Photographing flowers in the wild seems like a simple thing. There's no need to carry huge lenses, you don't have to sneak up or direct your subject and you can spend as long or as little as you like photographing them. However, there are a few other problems you have to address especially with a subject like snowdrops. They are small and bloom when it is cold, hence the technical challenge.
In the UK, common snowdrops can bloom from late December through to March but thanks to the cold weather the UK's experienced over the last few months, a lot of places still have snowdrops decorating their gardens. Be quick if you're heading to a place that opens to showcase their snowdrops, though, as many tours will be ending soon.
If your garden no longer has snowdrops in it, many of these tips can be applied to other types of spring flower photography too. Crocuses are just starting to appear and these will soon be followed by colourful daffodils.
To get close enough to a small flower you can use a macro lens or a telezoom lens with an extension tube. Ideally, you need to be working at the same height as the flower so you'll be working close to the ground which will make it difficult to use the viewfinder so LiveView would be useful as you'll be able to see what the viewfinder sees without actually having to use it.
To get good depth-of-field you need a small f/stop, which means you need a long exposure and as a result, you'll need a tripod. A tripod will help reduce camera shake but you'll need to splay the legs and, if possible, adjust the centre column from vertical to horizontal to get closer to the ground. Vanguard's Alta Pro range
features tripods with this ability. In fact the centre columns can move from zero to 180-degree angles in variable vertical and horizontal positions.
Accessories For You And Your Camera
The camera's self-timer or even a cable release will also help you keep your shots steady. Having a waterproof sheet to lay on or a mat to kneel on would be a useful as the ground will be wet and sitting on damp soil for long periods of time isn't a pleasant experience. Kneeling pads, the sort gardeners use are handy too and make life more bearable.
Places To Go
Snowdrops (and other spring flowers) can be found in many places and can grow quite happily in your back garden, but there are several places right across the UK which open specially to showcase their blooms, so why not take advantage of them?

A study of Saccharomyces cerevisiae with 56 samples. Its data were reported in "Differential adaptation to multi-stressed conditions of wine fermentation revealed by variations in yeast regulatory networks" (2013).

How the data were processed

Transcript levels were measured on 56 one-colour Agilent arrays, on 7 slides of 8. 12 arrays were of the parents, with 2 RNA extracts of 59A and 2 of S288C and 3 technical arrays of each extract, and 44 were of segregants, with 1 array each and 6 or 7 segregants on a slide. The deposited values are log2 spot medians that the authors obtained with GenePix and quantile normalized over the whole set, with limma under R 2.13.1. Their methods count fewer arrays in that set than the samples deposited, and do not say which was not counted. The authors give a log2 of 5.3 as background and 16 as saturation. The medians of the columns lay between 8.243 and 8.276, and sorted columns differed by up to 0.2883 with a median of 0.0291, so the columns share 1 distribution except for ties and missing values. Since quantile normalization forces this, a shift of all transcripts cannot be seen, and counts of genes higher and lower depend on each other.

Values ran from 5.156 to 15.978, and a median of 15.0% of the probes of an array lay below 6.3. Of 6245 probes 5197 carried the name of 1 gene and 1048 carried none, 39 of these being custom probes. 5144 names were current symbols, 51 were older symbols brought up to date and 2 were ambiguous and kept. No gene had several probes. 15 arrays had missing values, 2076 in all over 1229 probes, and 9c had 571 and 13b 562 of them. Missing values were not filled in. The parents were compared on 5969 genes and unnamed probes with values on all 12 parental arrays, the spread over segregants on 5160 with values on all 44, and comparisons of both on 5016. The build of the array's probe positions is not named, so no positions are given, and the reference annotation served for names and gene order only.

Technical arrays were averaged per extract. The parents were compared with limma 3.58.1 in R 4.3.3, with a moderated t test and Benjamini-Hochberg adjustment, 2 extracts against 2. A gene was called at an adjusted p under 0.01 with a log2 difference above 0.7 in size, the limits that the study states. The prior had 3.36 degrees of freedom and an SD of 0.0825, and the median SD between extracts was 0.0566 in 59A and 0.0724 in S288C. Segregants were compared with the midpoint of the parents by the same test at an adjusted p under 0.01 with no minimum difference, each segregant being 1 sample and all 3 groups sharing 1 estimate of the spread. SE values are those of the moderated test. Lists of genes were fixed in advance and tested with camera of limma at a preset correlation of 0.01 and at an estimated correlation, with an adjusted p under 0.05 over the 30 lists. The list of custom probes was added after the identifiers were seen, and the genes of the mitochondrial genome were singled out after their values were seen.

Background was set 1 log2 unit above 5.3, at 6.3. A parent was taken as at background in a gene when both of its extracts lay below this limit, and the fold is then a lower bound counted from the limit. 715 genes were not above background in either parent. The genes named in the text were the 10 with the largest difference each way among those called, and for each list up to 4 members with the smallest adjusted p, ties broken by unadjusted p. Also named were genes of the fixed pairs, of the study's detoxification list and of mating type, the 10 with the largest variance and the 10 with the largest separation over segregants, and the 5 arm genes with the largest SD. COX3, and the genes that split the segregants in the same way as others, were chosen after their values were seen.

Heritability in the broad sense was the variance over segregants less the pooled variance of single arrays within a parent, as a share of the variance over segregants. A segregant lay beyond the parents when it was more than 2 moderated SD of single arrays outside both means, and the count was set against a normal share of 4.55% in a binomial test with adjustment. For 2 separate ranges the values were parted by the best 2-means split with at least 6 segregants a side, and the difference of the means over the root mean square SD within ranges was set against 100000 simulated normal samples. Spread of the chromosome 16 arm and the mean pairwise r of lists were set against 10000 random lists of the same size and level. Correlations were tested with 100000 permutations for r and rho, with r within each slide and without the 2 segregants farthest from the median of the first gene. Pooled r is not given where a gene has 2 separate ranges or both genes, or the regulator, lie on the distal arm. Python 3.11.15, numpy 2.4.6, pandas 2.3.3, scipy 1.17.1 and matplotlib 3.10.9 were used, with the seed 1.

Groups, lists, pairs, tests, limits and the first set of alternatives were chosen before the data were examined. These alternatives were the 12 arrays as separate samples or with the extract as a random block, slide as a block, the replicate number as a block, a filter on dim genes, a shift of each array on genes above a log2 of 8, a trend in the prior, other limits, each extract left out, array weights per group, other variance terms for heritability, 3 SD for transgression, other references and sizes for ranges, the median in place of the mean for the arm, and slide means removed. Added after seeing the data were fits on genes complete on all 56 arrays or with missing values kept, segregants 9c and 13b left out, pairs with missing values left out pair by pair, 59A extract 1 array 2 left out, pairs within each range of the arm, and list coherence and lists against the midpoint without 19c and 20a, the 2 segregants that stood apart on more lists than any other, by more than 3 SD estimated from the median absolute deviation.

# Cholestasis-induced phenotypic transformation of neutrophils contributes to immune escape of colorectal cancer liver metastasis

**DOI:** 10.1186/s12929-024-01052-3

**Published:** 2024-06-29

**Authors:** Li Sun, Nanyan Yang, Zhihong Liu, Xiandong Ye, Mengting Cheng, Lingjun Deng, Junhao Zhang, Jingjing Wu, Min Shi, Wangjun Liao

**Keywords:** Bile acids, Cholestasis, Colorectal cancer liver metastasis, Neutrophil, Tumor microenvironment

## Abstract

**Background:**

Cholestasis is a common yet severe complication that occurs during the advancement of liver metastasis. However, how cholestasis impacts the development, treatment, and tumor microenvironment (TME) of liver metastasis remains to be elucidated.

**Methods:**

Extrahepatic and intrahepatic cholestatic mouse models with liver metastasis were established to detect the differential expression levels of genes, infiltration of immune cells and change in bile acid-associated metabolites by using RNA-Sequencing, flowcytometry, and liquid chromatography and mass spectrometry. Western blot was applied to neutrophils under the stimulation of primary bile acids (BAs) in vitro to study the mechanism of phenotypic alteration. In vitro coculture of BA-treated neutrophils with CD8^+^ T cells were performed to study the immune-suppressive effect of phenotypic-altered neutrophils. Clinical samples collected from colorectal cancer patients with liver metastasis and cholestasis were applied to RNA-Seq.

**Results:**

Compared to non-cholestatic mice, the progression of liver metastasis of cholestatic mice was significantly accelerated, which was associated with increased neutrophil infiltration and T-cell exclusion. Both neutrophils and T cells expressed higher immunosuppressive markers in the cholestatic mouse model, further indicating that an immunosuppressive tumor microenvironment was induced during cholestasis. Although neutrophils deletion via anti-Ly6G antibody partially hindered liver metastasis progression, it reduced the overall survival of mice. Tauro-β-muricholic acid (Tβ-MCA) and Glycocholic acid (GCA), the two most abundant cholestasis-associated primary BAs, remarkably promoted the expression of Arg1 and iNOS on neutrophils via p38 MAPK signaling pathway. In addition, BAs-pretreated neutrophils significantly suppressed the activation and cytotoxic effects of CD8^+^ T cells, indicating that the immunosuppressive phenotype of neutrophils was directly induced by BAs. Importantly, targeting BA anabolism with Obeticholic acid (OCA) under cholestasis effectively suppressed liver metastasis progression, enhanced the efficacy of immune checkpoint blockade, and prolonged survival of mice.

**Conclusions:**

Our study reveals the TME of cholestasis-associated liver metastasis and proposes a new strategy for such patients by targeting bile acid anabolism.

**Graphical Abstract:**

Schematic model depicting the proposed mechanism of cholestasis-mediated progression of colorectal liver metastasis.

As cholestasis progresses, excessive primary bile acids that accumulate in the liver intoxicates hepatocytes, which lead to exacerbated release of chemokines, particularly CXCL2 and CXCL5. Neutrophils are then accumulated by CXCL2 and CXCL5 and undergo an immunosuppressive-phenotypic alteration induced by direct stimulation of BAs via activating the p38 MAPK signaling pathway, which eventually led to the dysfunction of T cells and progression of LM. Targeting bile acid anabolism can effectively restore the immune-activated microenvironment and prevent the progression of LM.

These are just some of the places which have great snowdrop gardens in the UK:
Snowdrop Week has ended but the Gardens are now open for the season and there are still thousands of snowdrops to see! Plus, crocuses and daffodils are showing their heads too.
Here the snowdrop season runs throughout February and early March and snowdrops cover around 5 acres of the estate. It's one worth making a note of for next year's season, although the cold weather could mean quite a few snowdrops are still on show.
Rode Hall's snowdrop walks close on 10 March so you'll have to visit this weekend if you want to take part in one. The gardens are filling with other spring flowers that are worth capturing, though.
Photo by David Clapp - www.davidclapp.co.uk
Movement From Wind
A problem all flower photographers face is wind and since you'll be often using long exposures the slightest breeze blowing across the flower can cause movement and blur. Even though we'd like to, we don't have the power to control the weather so wind is something we just have to be patient with and wait to pass by. You can also use small pieces of wire to steady the flower but if you do this remember to remove the wire when finished and don't leave any rubbish lying around. Another gadget would-be flower shooters should consider is the Wimberley Plamp.
Find a specimen that has distinctive features or you just like the look of that doesn't have anything in the background or foreground and shoot a shot that's completely isolated. By doing this you'll have a background that's far out of focus and not distracting for the viewer. To do this you need good depth-of-field that blurs the background but yet keeps the flower sharp. Starting at f/8 and experiment from there.
Take your focus in even further and solely focus your attention on the head, cutting the steam and any other distracting objects completely out of the frame.
Centre Of Attention
If you find a group of snowdrops or even crocuses find one or two in the centre that you want to be the focus of the image and use the other flowers surrounding it to create a out of focus frame. Out of focus snowdrops can also be used to create a white backdrop to add an interesting twist to an image where we usually expect to see a green background. You can also have a single flower pin-sharp at the top of the image and use a narrow depth-of-field to blur all the flowers in front of it to create an almost filter blur.
Instead of having an empty background try using a second flower to fill the image. You don't want this flower to distract from your subject so adjust accordingly to blur to second flower out of focus.
Shoot After A Rainstorm
Working with macro lenses means you can capture raindrops that gather on flower heads and leaves. When doing this, try capturing the flower from more of an angle to get more drops in shot and to give them a more dynamic feel.